Our first collaboration was "Abe Lincoln: Public Enemy No. 1", which has Lincoln surviving his assassination by virtue of a voodoo-cursed bullet, lying in a coma until he awakens in 1933 and is faced with a world that has passed him by, and a government that very much wants to keep his existence a secret. This book was borne out of a student film project from our days at Emerson College. It had Lincoln in John Dillinger's role and we shot an entire bank-robbing scene and were due to shoot his "death" scene, but it was so cold the cameras froze up. Years later, in 2012, we were reminiscing about the film, whereupon I had an idea that we should turn it into a novel. And while the film was meant to be a one-joke film, we decided to write this story completely straight, peppered with Lincoln's humor throughout. We had so much fun writing this book that we knew we wanted to write a sequel. We thought about having Lincoln during World War II or in the 50s, but the psychedelic 60s seemed like the best bet for another odyssey.
2. What is it about?
In "Abe Lincoln On Acid" Abe reawakens in 1963 and at the outset he has no desire to leave the confines of the dwelling where J. Edgar Hoover is keeping him under house arrest. But as he watches the 60s unfold on his television set, he becomes more and more upset at what is happening to his country. Thus, he conspires to escape his confinement and begins a journey that will have him crisscrossing the country.
3. What do you hope will be the everlasting thoughts for readers who finish your book?
The best thing they could take away from this book, as well as the first one, is that they were entertained and informed. To my thinking taking someone out of their daily lives and giving them a memorable adventure is the highest of callings.
4. What advice do you have for writers?
I'm not going to tell them to write every day, no matter what, because I don't. I really envy the prolific brand name authors out there who can crank out the bestsellers one after another. I don't know how they do it, and I suspect more than a few of them are getting more help than they will admit, but that's another story. However, once I've started a project, my goal is three pages a day—no matter what. Sometimes it's hard, and sometimes those three pages get thrown out the next day, but carving out that special time of day where you focus your energies on the writing is paramount. That's where discipline comes in to play. So, my advice to writers is that once they have that burning idea, don't let it go until it's finished.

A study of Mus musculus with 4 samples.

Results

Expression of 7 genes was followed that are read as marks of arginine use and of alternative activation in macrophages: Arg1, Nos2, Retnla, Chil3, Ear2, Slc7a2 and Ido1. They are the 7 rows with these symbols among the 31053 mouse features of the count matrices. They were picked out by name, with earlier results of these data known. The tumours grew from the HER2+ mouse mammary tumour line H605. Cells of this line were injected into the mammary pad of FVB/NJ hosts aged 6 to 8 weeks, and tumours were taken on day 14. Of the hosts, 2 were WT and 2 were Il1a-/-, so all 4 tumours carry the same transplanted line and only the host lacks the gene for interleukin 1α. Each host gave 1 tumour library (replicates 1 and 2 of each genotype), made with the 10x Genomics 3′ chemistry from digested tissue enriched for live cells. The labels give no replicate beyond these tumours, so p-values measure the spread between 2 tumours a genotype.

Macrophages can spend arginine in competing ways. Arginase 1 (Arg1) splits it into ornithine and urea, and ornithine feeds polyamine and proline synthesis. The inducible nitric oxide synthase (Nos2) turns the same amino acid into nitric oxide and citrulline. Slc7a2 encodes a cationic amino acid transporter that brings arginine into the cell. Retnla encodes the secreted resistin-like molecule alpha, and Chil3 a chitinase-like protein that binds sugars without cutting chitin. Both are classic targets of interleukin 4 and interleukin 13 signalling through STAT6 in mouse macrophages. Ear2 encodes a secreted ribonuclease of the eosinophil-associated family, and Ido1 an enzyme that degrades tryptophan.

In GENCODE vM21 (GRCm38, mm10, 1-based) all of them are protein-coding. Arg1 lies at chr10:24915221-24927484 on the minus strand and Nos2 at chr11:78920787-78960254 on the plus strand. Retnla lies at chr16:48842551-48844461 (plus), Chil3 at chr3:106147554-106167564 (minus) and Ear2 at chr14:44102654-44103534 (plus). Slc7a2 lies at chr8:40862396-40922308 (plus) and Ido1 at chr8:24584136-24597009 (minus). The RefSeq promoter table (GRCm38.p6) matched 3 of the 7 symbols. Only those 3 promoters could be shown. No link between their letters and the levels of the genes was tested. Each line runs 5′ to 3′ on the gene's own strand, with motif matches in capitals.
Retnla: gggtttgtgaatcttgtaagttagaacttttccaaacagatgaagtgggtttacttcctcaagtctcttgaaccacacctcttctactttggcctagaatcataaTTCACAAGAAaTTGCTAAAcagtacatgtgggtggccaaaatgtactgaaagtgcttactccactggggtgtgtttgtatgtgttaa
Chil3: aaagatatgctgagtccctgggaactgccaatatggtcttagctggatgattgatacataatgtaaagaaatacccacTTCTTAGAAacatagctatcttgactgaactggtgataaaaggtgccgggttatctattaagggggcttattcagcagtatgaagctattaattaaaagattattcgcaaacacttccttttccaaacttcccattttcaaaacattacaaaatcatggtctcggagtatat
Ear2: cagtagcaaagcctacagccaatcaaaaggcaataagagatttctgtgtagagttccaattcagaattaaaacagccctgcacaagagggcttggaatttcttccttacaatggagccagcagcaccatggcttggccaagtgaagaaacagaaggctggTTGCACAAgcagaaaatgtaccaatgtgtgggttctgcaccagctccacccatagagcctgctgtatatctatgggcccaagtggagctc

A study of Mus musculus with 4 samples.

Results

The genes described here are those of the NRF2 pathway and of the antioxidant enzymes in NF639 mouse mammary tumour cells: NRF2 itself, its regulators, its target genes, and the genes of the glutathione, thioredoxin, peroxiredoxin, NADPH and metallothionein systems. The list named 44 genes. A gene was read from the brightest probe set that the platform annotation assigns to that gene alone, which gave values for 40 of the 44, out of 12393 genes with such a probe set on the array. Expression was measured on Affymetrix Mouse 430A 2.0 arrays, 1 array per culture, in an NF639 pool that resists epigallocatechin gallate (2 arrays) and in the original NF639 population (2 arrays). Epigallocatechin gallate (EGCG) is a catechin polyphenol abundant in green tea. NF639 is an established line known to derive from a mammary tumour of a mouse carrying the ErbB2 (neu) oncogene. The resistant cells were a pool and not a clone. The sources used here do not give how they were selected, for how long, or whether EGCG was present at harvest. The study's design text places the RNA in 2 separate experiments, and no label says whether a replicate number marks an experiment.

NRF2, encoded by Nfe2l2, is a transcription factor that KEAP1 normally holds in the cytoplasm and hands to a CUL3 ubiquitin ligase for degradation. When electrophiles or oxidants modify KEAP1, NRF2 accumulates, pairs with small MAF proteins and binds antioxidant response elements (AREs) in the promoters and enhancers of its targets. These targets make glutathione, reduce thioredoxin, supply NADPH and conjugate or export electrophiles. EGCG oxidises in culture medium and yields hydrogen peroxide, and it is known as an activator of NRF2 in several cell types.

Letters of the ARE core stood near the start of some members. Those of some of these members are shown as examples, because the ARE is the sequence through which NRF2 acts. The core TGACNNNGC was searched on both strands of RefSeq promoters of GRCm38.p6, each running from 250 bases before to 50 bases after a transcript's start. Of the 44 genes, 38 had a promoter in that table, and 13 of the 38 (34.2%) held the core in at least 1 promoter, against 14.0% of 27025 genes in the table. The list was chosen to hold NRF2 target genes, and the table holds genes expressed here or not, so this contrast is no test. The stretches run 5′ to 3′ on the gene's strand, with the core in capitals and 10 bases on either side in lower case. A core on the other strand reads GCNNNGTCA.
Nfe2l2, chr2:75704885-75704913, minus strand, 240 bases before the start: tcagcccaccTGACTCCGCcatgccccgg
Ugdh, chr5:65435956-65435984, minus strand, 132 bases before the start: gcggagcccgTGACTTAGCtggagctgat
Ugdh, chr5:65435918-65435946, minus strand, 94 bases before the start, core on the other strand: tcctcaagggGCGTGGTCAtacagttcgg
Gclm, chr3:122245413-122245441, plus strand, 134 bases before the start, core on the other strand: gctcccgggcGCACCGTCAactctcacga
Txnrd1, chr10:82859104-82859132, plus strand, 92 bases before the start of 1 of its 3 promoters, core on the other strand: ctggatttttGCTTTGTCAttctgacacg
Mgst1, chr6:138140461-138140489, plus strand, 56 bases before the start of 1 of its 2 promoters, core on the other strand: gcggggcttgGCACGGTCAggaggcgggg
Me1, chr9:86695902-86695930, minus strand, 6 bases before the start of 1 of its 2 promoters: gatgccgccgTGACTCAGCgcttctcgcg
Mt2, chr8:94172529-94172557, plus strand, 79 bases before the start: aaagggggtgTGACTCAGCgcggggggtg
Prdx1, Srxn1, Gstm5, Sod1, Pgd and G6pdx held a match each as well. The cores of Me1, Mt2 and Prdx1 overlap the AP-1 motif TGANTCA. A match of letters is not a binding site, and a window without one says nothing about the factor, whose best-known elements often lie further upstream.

5. Where do you think the book publishing industry is heading?
I don't even pretend to know the answer to that question, and I look at someone who says they know where the industry is heading with a bit of a jaundiced eye. People were saying the print book would be dead by now because of ebooks, but the truth is they each have their place and seem to be coexisting nicely. I also believe that big publishers still have the edge when it comes to launching a new author in a big way. If they want to get behind someone and really push them, they have the money and the resources to make someone a bestselling author right out of the gate. Now, with everyone self-publishing and selling his or her book on the Internet, we have a deluge of material, most of it bad, being foisted on the reading public. And that public has become very adept at tuning out hype. Thus, it has become VERY hard to sell a book by an unknown writer to any meaningful degree. Most of these writers don't have the amount of money it would take to make more than a minor splash in the market. It's disheartening to say the least. Still, writing is what I do, what I love to do, and what I need to do, so I persevere.
6. What challenges did you have in writing your book?
The biggest challenge was using as much real history as we could. That was the challenge with both "Abe Lincoln: Public Enemy No. 1" and "Abe Lincoln On Acid." The other challenge for me personally was what to do with myself when the manuscript was with my co-author. While writing "Abe Lincoln On Acid" I actually started another novel I could write while Brian had the Lincoln manuscript. It saved me from a bad case of thumb-twiddling.
7. If people can only buy one book this month, why should it be yours?
I would have to say that it's an honest and carefully researched attempt to portray Abraham Lincoln as a real person, and what he might have made of, and brought to, current world problems. Thus, I think it's safe to say the book has a unique point of view.